Suspect Charged in Transit Driver Attack

Police Spokesman Constable Jason Michalyshyn

On Wednesday, February 15, 2017, the Winnipeg Police Service issued a news release identifying the suspect charged in the senseless killing of a Winnipeg Transit Driver.

Police advised they have charged Brian Kyle Thomas (22) of Winnipeg with a number of charges including;

  • 2nd Degree Murder
  • Possession of a Weapon
  • Fail to Comply with a Probation Order

Police indicate the investigation revealed Thomas was the lone passenger on the bus that had arrived at its final destination in the early morning hours.

The victim, Transit Driver Irvine Jubal Fraser (58), approached Thomas and requested he exit the bus as it was at the end of the line.  Thomas attended the front of the bus and indicated he did not want to exit.  After repeated requests, Fraser escorted Thomas off the bus.

Police say a verbal argument ensued that escalated into a physical altercation outside of the bus.  Thomas is alleged to have produced a knife which he used to stab Fraser multiple times in the upper body. Fraser collapsed and Thomas fled the scene on foot.

Thomas was arrested nearby on the ice-covered Red River and was taken into custody.

Members of the K9 Unit, General Patrol and the Police Cadets were all credited with assisting with the arrest.

Fraser was located at the scene in critical condition and was rushed to hospital where he succumbed to his injuries.

The WPS Major Crimes Unit is continuing the investigation.

Fraser is the 5th reported homicide victim in Winnipeg this year.

Police have solved 3 of the 5 killings to date.

A gofundme page has been set up to assist and support the victim’s widow.

Insider Commentary

The charges laid in this case offer much insight.

The 2nd Degree Murder Charge

In order to lay a 2nd degree murder charge evidence must exist that suggests the person who caused the death;

  • meant to cause the death (intent)
  • meant to cause bodily harm that they knew was likely to cause death and was reckless whether death ensued or not

In this case, the degree of violence used in the killing would certainly factor into the decision to lay a 2nd degree murder charge.

(Murder charges are often plea bargained or reduced if evidence exists that the accused person was under the influence of alcohol, drugs or other mind altering substances.  The existence of this evidence can reduce the degree of intent that can be proven in a court of law. When this kind of evidence exists murder charges are often reduced to manslaughter.)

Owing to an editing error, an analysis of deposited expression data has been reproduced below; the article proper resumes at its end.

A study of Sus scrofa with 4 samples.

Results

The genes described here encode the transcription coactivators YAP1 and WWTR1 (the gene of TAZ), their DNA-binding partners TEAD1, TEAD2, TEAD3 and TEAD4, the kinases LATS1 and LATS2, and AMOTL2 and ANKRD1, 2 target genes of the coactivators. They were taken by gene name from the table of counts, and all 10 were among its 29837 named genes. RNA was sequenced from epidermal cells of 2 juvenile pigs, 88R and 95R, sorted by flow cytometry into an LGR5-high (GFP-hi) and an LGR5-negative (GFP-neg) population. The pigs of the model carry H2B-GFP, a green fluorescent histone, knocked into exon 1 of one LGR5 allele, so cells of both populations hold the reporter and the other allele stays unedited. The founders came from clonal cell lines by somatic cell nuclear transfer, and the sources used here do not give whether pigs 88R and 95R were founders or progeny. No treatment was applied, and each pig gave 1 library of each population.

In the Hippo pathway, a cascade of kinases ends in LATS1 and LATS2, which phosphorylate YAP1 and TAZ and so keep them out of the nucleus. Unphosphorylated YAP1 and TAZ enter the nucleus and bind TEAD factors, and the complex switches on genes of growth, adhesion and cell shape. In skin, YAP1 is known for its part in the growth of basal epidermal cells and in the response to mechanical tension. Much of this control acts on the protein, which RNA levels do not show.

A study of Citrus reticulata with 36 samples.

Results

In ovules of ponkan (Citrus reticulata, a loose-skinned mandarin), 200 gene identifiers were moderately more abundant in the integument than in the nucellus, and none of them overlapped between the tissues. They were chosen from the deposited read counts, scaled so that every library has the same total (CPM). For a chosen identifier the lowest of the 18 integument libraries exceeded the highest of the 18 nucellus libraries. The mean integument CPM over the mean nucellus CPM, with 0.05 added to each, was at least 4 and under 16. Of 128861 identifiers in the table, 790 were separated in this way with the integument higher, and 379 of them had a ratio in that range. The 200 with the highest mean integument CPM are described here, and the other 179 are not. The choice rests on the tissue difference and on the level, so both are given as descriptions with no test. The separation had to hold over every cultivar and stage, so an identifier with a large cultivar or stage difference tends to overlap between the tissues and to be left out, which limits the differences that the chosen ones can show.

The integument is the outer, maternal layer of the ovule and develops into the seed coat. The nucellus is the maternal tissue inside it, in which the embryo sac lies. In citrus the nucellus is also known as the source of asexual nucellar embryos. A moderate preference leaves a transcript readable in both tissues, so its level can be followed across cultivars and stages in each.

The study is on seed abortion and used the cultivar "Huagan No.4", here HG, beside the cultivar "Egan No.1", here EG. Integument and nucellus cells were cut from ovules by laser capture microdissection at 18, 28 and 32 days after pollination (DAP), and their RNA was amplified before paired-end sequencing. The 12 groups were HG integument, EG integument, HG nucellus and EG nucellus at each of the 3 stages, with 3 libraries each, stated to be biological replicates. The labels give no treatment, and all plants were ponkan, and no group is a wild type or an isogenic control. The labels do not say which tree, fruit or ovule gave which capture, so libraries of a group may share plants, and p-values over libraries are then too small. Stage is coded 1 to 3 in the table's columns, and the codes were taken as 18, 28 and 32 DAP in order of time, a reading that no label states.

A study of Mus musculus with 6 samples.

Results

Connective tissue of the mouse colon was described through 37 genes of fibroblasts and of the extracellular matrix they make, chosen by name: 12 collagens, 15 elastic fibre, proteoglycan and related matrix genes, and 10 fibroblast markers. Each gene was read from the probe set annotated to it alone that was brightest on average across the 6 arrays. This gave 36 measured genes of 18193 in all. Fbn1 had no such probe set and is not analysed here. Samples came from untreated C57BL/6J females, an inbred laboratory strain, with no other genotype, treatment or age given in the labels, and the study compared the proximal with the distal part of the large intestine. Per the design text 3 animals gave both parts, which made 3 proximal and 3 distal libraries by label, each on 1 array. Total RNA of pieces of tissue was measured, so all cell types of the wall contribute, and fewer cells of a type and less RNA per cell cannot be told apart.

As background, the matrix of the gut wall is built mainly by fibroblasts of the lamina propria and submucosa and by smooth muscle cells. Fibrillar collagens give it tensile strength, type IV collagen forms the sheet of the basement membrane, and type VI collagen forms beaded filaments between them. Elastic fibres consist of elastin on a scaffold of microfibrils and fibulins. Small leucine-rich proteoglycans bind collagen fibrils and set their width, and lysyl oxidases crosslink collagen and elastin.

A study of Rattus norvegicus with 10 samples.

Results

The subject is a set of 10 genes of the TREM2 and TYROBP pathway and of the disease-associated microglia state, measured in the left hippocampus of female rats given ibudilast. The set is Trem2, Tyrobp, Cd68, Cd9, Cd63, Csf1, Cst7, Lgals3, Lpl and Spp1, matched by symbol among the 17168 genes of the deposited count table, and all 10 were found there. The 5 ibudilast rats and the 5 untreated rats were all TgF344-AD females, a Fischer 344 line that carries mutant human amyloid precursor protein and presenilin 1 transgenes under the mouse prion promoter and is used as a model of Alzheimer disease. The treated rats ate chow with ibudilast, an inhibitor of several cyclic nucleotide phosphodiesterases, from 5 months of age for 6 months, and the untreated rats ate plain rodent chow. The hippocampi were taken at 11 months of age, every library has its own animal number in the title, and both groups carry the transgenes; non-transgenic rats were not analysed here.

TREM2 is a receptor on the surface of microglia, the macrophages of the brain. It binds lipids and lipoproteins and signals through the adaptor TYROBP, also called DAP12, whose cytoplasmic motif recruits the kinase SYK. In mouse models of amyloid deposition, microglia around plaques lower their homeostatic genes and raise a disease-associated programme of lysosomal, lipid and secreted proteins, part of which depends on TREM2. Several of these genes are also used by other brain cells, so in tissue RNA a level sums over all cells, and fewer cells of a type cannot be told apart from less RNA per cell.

The Possession of a Weapon Charge

The possession of a weapon charge offers us insight into the mind of the accused killer.

Why was he armed with an edged weapon?

Is he pre-disposed to violent criminal behaviour?

The last charge offers greater understanding.

The Fail to Comply with Probation Order Charge 

The FTC with probation order connects the dots.

It tells us the alleged killer has been in the “system.”

Information has now emerged that Thomas plead guilty to an assault charge last November.

(A charge of uttering threats was dropped by the Crown.)

Provincial Court Judge Catherine Carlson sentenced Thomas to 90 days in jail and time served.  He was placed on 18 months of supervised probation.

His probation order would have had several conditions attached to it – conditions he clearly breached in light of the murder charge he now faces.

Media outlets report Thomas has a long list of criminal convictions in the recent past that includes;

  • Robbery
  • Utter Threats to Kill (female victim)
  • Assaults (3 charges)

I’m confident a forensic audit of Thomas’ criminal record would expose more of the same soft on crime approach that keeps violent criminal offenders like him on our streets.

It’s become a disturbing trend.

Let’s hope justice is done.


Winnipeg Transit Driver Killed in Line of Duty – The Police Insider




    The struggle is real…

    Thanks for weighing in….

  2. James G Jewell


    Thats a big topic….

  3. James G Jewell


    I know many Police Officers that follow my blog that will appreciate your kind and insightful comments…

    Thank you for commenting…

  4. Well it’s the same old story that keeps repeating itself here . Now I feel sorry for the police, because these folks are released out before the ink even dries on the paper. I’m sure we’ll hear about the soft judge who said it’s okay he promises to be a good boy. I don’t know about you but these criminals are such cowards when it resorts to taking a life in this manner. I’m going to stop right here before the Mayor forces me in some of those sensitivity training classes.

  5. Teresa Burnside

    I sure hope so Mark – if you aren’t being facetious. It’s time to re-address this issue due to it’s impact on so many people from the victims, the WPS and of course I could go on. It really is beyond understanding why this is still happening. I remember all the hassle around the Young Offenders Act and I don’t feel like it’s changed at all. In addition, the constant as you righteously stated “ineffectiveness of court orders”. It couldn’t have been stated more accurately.
    Take care and everyone be careful out there.

  6. Now can we start talking about the ineffectiveness of court orders??

  7. Teresa Burnside

    Wow! The more I read your blog Mr. Jewell, not only do I realize how heroic our Police are, but how frustrating it must be when so much work is done on behalf of the WPS only to have the Crown drop or reduce the charges and let these criminals free. It’s not only disheartening for the WPS, but also for the citizens of Winnipeg that are law abiding. Thanks for all your previous service and your work on this informative blog.